Tanzania Does Not Support Withdrawal from ICC

The position was made yesterday by the Minister of Foreign Affairs, East Africa, Regional and International Cooperation, Dr Augustine Mahiga, while responding to questions from journalists at a news conference in Dar es Salaam.
“We are members of the Rome Statute that established the ICC and much as we have registered our concerns in regard to what is perceived as segregation against Africans we will not pull out,” Dr Mahiga emphasized.
He added that they have, however, called for reforms of the court by strengthening its organisation to be able to serve justice to all.
“The veteran diplomat pointed that African leaders had on several occasions advised against the idea of indicting sitting Heads of State but the pleas were not considered. Dr Mahiga cited the case against President Uhuru Kenyatta of Kenya and his deputy, William Ruto, as among issues which irked other Africa leaders. The duo has though won the charges against them.
He went on to reveal how a resolution was moved in the African Union (AU) for member countries to leave the ICC but the resolution did not go through. A number of African countries have since then rallied others to pull out of the criminal court.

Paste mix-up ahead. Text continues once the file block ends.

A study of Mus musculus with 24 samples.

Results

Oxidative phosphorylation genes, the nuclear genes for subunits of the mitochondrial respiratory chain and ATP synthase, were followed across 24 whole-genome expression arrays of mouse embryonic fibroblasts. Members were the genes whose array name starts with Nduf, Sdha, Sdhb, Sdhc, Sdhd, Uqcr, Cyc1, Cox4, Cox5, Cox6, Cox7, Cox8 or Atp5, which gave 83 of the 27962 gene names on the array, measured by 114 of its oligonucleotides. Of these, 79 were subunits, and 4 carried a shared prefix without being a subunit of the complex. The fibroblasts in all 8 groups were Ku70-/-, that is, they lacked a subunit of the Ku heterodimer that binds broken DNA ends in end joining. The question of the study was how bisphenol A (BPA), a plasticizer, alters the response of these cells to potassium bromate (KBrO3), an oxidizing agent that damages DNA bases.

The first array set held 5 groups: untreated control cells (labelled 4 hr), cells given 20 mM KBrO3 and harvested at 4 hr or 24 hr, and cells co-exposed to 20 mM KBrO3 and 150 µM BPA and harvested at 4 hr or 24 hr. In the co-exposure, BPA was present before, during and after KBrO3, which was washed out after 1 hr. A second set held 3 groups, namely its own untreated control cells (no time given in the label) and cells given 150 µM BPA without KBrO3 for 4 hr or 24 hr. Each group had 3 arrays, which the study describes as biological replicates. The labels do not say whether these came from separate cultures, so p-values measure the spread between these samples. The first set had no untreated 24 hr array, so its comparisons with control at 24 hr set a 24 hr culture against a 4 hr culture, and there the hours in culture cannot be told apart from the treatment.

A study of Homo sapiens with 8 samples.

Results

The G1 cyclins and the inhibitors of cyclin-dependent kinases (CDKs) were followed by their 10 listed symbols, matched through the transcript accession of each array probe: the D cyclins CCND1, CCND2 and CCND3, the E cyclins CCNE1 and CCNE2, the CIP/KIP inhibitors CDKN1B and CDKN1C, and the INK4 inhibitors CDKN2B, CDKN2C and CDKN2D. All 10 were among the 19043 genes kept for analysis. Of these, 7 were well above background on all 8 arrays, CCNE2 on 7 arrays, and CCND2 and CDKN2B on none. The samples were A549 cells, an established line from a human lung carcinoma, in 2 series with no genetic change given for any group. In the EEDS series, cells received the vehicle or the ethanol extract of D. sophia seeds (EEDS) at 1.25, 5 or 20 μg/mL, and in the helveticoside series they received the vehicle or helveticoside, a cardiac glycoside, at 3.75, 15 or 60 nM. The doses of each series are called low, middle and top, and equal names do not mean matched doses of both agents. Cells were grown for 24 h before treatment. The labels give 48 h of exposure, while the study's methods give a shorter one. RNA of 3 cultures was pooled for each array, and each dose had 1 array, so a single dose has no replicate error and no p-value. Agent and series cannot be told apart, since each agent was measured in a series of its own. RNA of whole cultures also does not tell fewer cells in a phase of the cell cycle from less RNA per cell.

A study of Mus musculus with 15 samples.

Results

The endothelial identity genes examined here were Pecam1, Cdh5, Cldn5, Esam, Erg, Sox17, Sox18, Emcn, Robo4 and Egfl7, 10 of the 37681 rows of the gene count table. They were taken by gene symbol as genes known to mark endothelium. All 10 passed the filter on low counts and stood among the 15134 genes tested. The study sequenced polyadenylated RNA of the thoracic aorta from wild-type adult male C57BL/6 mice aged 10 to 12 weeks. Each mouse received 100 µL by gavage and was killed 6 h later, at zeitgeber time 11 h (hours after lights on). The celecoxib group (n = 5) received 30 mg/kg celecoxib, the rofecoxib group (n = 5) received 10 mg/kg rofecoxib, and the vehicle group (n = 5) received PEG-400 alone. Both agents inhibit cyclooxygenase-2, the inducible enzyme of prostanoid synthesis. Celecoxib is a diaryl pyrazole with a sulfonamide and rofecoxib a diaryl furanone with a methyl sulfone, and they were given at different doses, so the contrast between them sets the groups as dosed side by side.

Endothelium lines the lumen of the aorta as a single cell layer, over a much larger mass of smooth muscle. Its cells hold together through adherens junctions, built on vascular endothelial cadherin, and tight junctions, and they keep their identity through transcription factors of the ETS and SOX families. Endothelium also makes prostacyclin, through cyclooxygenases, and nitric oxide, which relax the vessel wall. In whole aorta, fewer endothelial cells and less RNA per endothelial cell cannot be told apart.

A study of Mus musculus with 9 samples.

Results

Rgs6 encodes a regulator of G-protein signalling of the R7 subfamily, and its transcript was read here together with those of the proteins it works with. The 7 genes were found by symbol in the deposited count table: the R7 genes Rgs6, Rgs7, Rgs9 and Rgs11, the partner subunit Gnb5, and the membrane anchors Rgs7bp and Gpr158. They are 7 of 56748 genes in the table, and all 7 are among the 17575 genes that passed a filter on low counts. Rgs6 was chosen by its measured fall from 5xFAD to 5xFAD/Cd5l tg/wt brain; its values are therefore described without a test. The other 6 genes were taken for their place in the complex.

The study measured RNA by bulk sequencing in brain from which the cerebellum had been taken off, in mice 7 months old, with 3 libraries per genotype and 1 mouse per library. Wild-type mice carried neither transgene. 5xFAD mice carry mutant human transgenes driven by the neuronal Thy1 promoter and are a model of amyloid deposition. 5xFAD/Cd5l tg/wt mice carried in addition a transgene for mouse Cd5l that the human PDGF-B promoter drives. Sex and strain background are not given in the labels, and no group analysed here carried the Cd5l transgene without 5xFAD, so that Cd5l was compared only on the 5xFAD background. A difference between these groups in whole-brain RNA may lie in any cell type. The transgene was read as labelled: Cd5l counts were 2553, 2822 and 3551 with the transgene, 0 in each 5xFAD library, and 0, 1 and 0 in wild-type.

In another development, the minister revealed yesterday how Tanzania played a key diplomatic role to overturn a resolution by the African Union (AU) Peace and Security Council, which had proposed deployment of 5,000 troops to quell the violence in Burundi.
“Deployment of the troops against the will of the government of Burundi would have worsened the situation and leave no room for mediation. President John Magufuli directed me to the Chairperson of the AU Commission Dr Nkosazana Zuma, who understood our position and eventually insisted for mediation under President Yoweri Museveni of Uganda to continue,” he explained.
Dr Mahiga revealed that the first assignment he received from President Magufuli was engaging regional and international players in solving the political impasse in Burundi.
“Fifteen minutes after I was sworn in, President Magufuli directed me to meet with my colleagues in the defence docket on how we can engage other partners to solve the crisis there.
In fact I will be travelling to Rwanda tomorrow (today) as we continue to engage partners in the region,” the minister stated. He explained further that the government of Tanzania had managed to convince President Pierre Nkuruzinza of Burundi to attend mediation meetings to be conducted in Kampala by President Museveni.